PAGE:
People think I have a crush on you. Explain to me, then, why my head didn’t spin, my heart didn’t skip, and my face didn’t redden when I first saw you. I even met you in the way I have always thought ironically romantic, the same way my characters meet when I compose stories in my head. I ran into you, on the way to math class. I don’t know why that seems so romantic, but for some reason it always has to me. So when you bent down to get your books, then stood back up, hitting me in the head and giving me a bloody nose, you ruined it for me. Thanks a lot.
Not only did you have to ruin my romantic fantasy, you are genuinely annoying. You won’t stop running your mouth about sports, or video games, or things that I can’t make sense of. You talk about stupid stuff, toothpaste and faux-bo’s (those guys you assure me dress up like hobos but are actually rich), and, once again, sports. Yet you make it seem like college math, somehow boggling my mind with the concept of pencils.
You drive me crazy when you ask questions that seem to have an answer, but the way you look at them, don’t. Once you asked me what the stray dog you took care of had as a last name. Did he still carry his owner’s last name? Or share yours? Or was he just Newton, stuck between families and identities. When I told you dogs didn’t have last names, you frowned at me.
“Then what do you call them when you are mad at them?”
I didn’t have an answer, and you laughed, saying you thought his last name was Anderson – you’re last name.
You’re extremely smart, yet are flippant about it, preferring to ponder useless things rather than use your brain to rise up the respect ladder. You effortlessly got perfect grades, then came right down to spend lunch with me, one of the lowest readings on the popular-o-meter, and talk about last names for your dog. I admire you for that. The admiration doesn’t sit right with me, like an internal itch I can’t scratch. You and your philosophy drive me crazy – I can’t admire you for it.
Everything about you bothers me, from your endlessly working mouth, to your philosophy, to your perfect grades, to your amiable response to my coldness. It even bothers me that, somehow without my permission, you have been able to make yourself my best friend. You annoy me, Brady Anderson.
Over the years, you started to push my buttons less. I realized that, though I had never wanted you there, you were always at my side when I needed you. As my self-confidence grew, I became able to enjoy your conversations. I played your little mind game with you, no longer feeling like a complete idiot compared to you. Not only did I stop despising you, I began to actually like you. In eleventh grade, you asked me out, and I said yes. After hating you for five years I fell in love with you. Wouldn’t you love to philosophize about that.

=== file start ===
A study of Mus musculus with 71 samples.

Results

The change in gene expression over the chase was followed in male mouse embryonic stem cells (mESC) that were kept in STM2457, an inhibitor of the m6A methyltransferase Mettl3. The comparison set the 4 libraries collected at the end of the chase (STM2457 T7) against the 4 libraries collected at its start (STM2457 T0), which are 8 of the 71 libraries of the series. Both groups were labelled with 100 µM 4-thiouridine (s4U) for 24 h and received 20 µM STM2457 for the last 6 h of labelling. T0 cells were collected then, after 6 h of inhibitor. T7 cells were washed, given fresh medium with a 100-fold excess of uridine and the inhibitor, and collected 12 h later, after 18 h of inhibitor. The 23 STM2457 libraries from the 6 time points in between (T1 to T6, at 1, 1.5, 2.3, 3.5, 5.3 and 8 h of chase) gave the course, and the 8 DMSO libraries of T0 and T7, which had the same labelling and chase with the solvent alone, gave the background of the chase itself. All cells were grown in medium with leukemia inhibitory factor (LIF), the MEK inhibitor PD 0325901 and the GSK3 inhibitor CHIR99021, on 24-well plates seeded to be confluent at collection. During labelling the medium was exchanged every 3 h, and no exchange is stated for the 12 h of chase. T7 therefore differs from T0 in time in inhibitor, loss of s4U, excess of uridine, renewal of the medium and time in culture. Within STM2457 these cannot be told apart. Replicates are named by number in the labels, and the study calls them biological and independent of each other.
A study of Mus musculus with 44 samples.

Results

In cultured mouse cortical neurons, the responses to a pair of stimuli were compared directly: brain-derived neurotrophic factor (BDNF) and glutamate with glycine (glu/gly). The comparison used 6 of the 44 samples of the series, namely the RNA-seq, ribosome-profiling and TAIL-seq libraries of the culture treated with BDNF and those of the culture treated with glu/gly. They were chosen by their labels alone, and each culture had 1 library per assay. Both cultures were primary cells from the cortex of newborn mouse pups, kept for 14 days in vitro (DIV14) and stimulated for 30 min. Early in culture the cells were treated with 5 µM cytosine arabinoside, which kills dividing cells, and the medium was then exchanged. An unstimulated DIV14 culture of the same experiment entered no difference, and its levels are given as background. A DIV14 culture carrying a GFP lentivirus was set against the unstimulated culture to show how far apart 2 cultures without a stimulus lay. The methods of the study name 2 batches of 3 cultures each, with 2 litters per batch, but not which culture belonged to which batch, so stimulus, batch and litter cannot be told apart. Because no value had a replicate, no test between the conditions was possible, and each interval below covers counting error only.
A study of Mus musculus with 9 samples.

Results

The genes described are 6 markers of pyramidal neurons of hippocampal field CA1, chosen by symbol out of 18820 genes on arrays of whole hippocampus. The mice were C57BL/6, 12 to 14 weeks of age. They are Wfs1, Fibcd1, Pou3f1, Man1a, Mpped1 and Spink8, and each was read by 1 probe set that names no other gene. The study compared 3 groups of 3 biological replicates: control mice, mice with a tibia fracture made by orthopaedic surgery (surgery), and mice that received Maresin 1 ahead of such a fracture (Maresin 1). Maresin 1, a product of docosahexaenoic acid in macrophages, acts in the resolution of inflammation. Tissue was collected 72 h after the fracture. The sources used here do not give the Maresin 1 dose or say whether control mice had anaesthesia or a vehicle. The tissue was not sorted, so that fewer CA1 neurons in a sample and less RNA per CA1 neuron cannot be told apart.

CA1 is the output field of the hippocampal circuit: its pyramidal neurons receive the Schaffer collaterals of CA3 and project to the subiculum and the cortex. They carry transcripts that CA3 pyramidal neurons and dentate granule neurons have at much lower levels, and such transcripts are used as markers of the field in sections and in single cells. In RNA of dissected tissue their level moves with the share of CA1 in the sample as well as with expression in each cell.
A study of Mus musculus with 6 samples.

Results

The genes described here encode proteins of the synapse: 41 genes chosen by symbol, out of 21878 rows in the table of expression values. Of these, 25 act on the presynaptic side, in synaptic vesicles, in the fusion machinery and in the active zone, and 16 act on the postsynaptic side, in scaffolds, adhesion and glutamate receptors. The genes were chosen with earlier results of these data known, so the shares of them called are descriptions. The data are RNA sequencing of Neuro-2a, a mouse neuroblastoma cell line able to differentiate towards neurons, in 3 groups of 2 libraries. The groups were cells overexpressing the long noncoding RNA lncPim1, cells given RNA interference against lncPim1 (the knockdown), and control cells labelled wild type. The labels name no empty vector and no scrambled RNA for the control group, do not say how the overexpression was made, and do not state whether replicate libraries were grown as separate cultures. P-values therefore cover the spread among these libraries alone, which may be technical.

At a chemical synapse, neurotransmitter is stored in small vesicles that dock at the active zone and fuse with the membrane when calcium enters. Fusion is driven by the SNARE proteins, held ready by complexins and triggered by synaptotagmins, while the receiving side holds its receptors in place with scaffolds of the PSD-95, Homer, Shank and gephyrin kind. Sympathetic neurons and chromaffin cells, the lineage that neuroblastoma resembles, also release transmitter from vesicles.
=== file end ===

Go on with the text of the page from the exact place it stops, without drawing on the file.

We sit at our favorite table, in our favorite café. I feel a strange desire to bring back simpler times, when we would go to this café and I would sit here hating and admiring you, while you fantasized about being a faux-bo.
“You know, I decided something a little while ago.” You looked up from your mocha.
“I decided to get a puppy. I haven’t had one for over a year.” You looked at me sympathetically, knowing how hard it had been to let my last dog, Sebastian, go after sixteen years of friendship.
“That sounds great! Have you picked one out yet?” Your voice was earnest, but your eyes were distracted. I realized my conversation must have cut you off from something he had wanted to say. You needed to be more spontaneous – you always thought for a while before you said something. It used to annoy me, now I thought it funny.
“Yes, her name is Ariel, I brought her home from the shelter yesterday. Didn’t sleep a wink.” You smiled.
“You know, not sleeping is as bad for your reflexes as drinking.” You had told me that before.
“I know, but she’s worth it.” Silence fell between us again, as it often did when you were thinking. “Brady?”
“What do you think her last name is? Hansen?” I could almost see a light click on behind your eyes as you thought.
“How about Anderson?” I looked up from the shake I had just taken a sip of, surprised and confused. He was down on one knee, holding out a gorgeous diamond ring. “Felicity, will you marry me?” I squealed.
“Yes!” He smiled, genuinely elated as he slid the ring onto my thin finger.
“Good. Because I love you, and I think Anderson is a nice last name for a dog.” I grinned.